John Griffiths has led his England side to the FIFA Women’s U17s World Cup finals – but he has asked his players to already be thinking about a place at the senior equivalent in 2023.
The Young Lionesses finished third at the recent Euro finals in Belarus to seal their place at Jordan 2016.
Group C schedule
v North Korea, Saturday 1 October
v Nigeria, Tuesday 4 October
v Brazil, Saturday 8 October
And the head coach realises the importance of competing against the top, non-European, nations in terms of developing his young squad for the England senior team.
Griffiths said: “For the girls to be able to play against African, Asian and South American opponents at such a young age is wonderful.
“It will be a great test and it will stand them in good stead for 2023. The vision is always long-term. It’s about preparing these girls for senior international football.
“Having had five games in the Euro finals and then potentially another five in Jordan means they will have picked up an extra 10 international caps and that’s the most important thing.
“Are we looking to win the World Cup? Well we won’t be there to make up the numbers. We will try and win every game. But the most important thing is that these girls keep getting to world and European finals to give them that experience.
“We know all the stats: the best teams in the world are the ones that accumulate the most international appearances at youth level.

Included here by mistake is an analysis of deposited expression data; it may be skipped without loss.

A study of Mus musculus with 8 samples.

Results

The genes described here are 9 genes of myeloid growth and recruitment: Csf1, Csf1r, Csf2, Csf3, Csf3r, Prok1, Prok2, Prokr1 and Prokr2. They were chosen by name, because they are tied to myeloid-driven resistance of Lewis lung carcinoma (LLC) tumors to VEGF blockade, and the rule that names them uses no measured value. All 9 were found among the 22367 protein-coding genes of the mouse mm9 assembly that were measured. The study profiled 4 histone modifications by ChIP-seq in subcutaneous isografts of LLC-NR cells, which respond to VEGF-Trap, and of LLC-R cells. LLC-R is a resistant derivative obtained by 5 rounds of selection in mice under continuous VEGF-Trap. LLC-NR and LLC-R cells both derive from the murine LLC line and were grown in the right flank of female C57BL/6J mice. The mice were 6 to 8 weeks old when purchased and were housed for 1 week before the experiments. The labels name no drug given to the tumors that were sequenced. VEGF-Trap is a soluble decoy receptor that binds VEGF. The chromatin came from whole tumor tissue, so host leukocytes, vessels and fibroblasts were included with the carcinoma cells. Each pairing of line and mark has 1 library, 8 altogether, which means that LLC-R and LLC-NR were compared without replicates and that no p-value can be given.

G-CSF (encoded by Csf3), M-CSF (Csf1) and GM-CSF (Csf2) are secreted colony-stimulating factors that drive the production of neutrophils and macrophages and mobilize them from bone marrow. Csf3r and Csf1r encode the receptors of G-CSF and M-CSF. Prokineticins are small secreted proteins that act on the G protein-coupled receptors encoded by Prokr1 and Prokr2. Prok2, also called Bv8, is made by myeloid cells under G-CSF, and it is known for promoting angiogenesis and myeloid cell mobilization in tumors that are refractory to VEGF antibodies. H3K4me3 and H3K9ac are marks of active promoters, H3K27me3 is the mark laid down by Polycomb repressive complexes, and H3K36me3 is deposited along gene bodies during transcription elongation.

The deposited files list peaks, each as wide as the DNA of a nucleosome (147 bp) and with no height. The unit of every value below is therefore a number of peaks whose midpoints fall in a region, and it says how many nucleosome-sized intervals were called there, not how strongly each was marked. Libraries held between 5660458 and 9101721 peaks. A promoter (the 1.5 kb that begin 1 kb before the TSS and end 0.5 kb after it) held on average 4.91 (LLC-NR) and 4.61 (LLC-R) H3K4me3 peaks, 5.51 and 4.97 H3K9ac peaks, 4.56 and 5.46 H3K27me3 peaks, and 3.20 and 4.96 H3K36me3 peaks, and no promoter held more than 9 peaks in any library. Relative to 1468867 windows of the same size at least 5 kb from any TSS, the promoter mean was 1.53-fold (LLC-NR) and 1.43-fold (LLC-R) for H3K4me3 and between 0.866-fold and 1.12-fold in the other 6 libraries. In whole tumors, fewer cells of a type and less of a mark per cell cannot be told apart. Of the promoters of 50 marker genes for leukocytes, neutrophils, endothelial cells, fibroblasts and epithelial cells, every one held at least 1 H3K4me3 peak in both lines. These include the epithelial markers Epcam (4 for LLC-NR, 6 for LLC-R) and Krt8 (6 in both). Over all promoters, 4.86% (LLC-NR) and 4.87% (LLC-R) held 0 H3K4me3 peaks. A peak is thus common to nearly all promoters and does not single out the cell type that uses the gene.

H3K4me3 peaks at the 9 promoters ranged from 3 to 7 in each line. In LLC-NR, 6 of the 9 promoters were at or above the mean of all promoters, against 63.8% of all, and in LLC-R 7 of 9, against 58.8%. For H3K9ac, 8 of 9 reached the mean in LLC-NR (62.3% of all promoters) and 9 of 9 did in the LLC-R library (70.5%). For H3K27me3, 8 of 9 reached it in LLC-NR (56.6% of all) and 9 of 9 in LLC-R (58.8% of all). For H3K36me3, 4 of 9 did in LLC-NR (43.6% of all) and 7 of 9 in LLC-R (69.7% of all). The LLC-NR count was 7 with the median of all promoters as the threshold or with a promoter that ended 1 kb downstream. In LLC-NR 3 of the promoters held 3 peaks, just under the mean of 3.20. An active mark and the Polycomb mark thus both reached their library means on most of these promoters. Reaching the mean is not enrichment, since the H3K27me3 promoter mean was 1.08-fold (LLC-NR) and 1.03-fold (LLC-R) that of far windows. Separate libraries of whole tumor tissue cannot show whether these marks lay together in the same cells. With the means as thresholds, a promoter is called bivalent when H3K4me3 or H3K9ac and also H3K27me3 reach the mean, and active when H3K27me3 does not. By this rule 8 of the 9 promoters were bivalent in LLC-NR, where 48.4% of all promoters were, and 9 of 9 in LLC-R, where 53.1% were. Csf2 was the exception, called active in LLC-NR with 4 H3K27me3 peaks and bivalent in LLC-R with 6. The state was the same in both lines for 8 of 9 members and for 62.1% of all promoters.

“The more we can give our players the opportunity to play against Category A opposition, the better.”
England’s World Cup campaign will begin against North Korea in just under four months, and Griffiths must name his 21-player squad by Tuesday 20 September, but preparations are already under way.
He explained: “We were very lucky as a staff group that we got to do a senior World Cup study last year, so we’ve already started looking at different continents and different opponents to see their styles of play and what their youth teams do, so we’re already down the line with our preparations.
“Mo Marley [England Women’s U19s and U20s head coach] has got a plethora of experience against some of these teams from the U20s so she will have some knowledge to lend.
“But we’ll continue to do our homework and we will prepare the group well.”
England’s current crop of U17s internationals have really excelled this season.
Chelsea forward Alessia Russo finished the finals as joint top scorer with five goals, while Niamh Charles (four), Hannah Cain, Ellie Brazil and Anna Filbey (all three) were also among the top eight goalscorers in Belarus.
Charles topped the assists chart with six, while Cain and Russo chipped in with three each.
And they are the first-ever England side to qualify outright for the U17s World Cup; Lois Fidler’s then-side were invited to take part in 2008.
Griffiths added: “I said earlier in the year that this group of staff are world-class and they really are.
“They deserve some real credit because they are a massive reason why we have reached the World Cup.
“But I must also credit the players, too. They have worked exceptionally hard both on- and off-camp. It’s not necessarily just about what the players do when they are with us, but what they do when they’re not.
“They are thoroughly, thoroughly excited about Jordan but they know their hard work doesn’t stop now.
“They all understand they are competing for places in the final 21-player squad.
“But they are so excited about the challenge of World Cup football.”